The Green Team
The fourth annual Bethesda Magazine Green Awards, held in partnership with Bethesda Green.
Server Tim Caffrey has good reason to smile: MoCo’s Founding Farmers restaurant is getting lots of recognition for its environmental focus. Photography by Darren Higgins
These are among the five winners of the fourth annual Bethesda Magazine Green Awards, held in partnership with Bethesda Green. The winners were chosen from about 40 nominees from Montgomery County and Upper Northwest D.C. This year’s winners represent different aspects of our community, but they have at least one thing in common: a commitment to promoting a more sustainable way of life. >>
MoCo’s Founding Farmers
2013 Green Awards Category: Restaurants and food markets that have significantly incorporated green practices into their culture and operations
A display case at MoCo’s Founding Farmers restaurant in Potomac is filled with jars of honey, their amber so rich it seems imbued with the sunlight streaming through the front windows.
The honey comes from hives at The George Washington University in Washington, D.C., where researchers—with financial support from the restaurant’s owners—are trying to figure out why honeybee populations have plummeted in recent years.
It’s a problem that hits home for the restaurant and its two sister operations in D.C., which are majority owned by the North Dakota Farmers Union, because honeybees are essential pollinators for many crops.
Supporting such important research is one way the restaurants give back, says Garrett Park resident Dan Simons, co-founder of Vucurevich Simons Advisory Group. The Kensington-based restaurant consultancy is part-owner and manager of the three establishments.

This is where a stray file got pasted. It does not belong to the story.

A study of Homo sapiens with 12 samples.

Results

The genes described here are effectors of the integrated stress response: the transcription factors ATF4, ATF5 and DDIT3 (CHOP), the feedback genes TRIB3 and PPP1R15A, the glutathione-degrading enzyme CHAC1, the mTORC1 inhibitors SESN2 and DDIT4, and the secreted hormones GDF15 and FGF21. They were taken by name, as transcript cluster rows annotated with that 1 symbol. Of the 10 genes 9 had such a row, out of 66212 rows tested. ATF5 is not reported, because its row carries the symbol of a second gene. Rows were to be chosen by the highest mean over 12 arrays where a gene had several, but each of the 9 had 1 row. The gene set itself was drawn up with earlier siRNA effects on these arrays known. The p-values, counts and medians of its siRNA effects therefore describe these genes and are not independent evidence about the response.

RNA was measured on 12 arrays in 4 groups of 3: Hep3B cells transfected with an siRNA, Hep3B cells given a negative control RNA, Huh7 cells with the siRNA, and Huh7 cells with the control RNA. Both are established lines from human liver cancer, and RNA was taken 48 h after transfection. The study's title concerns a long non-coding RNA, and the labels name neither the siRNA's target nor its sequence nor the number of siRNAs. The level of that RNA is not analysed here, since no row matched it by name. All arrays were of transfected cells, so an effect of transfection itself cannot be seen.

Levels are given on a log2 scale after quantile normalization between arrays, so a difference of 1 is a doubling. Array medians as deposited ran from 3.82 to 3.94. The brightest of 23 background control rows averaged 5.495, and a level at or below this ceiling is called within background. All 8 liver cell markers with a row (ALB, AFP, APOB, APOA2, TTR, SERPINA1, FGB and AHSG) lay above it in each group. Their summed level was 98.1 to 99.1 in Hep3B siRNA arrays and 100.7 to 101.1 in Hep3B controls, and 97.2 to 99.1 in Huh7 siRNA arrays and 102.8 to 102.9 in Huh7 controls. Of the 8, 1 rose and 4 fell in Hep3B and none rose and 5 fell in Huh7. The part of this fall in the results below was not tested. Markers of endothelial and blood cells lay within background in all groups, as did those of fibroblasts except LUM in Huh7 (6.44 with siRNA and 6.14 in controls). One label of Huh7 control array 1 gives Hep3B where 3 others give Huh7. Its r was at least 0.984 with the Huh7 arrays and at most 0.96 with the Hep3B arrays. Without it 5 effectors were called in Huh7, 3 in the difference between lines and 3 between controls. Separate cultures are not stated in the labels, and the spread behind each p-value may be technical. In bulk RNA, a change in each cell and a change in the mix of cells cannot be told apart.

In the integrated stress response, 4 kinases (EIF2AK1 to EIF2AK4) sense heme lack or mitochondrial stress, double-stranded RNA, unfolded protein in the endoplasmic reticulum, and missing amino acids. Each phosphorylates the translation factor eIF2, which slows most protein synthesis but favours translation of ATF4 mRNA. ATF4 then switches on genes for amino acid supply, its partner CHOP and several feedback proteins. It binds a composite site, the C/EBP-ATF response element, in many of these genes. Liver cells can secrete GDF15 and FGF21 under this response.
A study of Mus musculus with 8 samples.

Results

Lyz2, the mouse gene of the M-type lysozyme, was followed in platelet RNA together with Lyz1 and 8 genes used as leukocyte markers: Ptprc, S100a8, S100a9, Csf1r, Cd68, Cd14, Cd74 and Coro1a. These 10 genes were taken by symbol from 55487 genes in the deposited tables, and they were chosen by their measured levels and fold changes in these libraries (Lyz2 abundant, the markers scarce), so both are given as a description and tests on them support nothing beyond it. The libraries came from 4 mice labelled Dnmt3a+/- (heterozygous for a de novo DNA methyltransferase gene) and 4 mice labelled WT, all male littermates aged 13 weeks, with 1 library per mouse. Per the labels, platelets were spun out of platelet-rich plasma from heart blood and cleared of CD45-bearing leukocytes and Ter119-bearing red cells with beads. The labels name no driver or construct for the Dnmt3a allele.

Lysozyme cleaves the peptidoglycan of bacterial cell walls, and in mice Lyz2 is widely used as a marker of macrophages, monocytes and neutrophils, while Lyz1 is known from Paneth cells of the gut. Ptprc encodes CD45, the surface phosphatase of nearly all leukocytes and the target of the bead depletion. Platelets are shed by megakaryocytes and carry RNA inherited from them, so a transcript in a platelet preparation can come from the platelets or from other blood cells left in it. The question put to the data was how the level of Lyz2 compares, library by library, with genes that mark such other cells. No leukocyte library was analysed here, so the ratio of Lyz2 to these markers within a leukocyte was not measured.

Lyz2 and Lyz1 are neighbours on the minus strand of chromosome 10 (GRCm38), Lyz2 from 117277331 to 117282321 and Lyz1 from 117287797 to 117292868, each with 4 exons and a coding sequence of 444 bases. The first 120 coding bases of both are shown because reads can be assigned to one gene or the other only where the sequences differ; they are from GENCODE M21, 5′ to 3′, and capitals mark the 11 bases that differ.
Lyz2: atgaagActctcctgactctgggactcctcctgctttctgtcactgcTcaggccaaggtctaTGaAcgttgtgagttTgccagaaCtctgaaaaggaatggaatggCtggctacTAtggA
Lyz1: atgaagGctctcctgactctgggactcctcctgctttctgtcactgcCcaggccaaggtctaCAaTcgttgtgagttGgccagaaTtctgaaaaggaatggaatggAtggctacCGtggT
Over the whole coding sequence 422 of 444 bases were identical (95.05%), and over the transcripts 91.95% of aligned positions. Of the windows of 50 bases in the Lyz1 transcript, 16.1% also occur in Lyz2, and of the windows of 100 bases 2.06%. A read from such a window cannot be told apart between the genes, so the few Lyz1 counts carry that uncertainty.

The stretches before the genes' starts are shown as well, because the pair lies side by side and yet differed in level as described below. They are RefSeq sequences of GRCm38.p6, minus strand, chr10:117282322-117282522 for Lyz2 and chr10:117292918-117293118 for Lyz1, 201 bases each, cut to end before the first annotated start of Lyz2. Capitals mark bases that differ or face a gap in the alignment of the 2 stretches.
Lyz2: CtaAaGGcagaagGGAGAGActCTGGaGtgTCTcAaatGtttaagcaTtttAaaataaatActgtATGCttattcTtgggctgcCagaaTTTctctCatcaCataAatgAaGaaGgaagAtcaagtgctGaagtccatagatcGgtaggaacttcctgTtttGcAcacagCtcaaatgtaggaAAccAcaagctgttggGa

A holistic approach to environmental consciousness is evident throughout MoCo’s Founding Farmers, which received LEED silver certification after satisfying some of the most stringent energy- and environment-focused “green building” standards. To reduce waste, the restaurant uses compost bins and operates its own water filtration system, which removes impurities from tap water before it’s served in reusable glass jars.
The three restaurants also showcase local food whenever possible, and serve their own brand of whiskey and gin made at a Virginia distillery. Dawn Vileno, vice president of operations, says sourcing locally year-round is the hardest part of being “green” because of the difficulty in finding off-season suppliers. But she says customers appreciate the effort.
Simons says he enjoys the challenge of striving for sustainability at the restaurants, which serve 15,000 to 18,000 diners weekly. “We try to see the business through the eyes of the farmer,” he says. “That’s so different from looking through the lens of the financial statement. It allows us to take the long view.”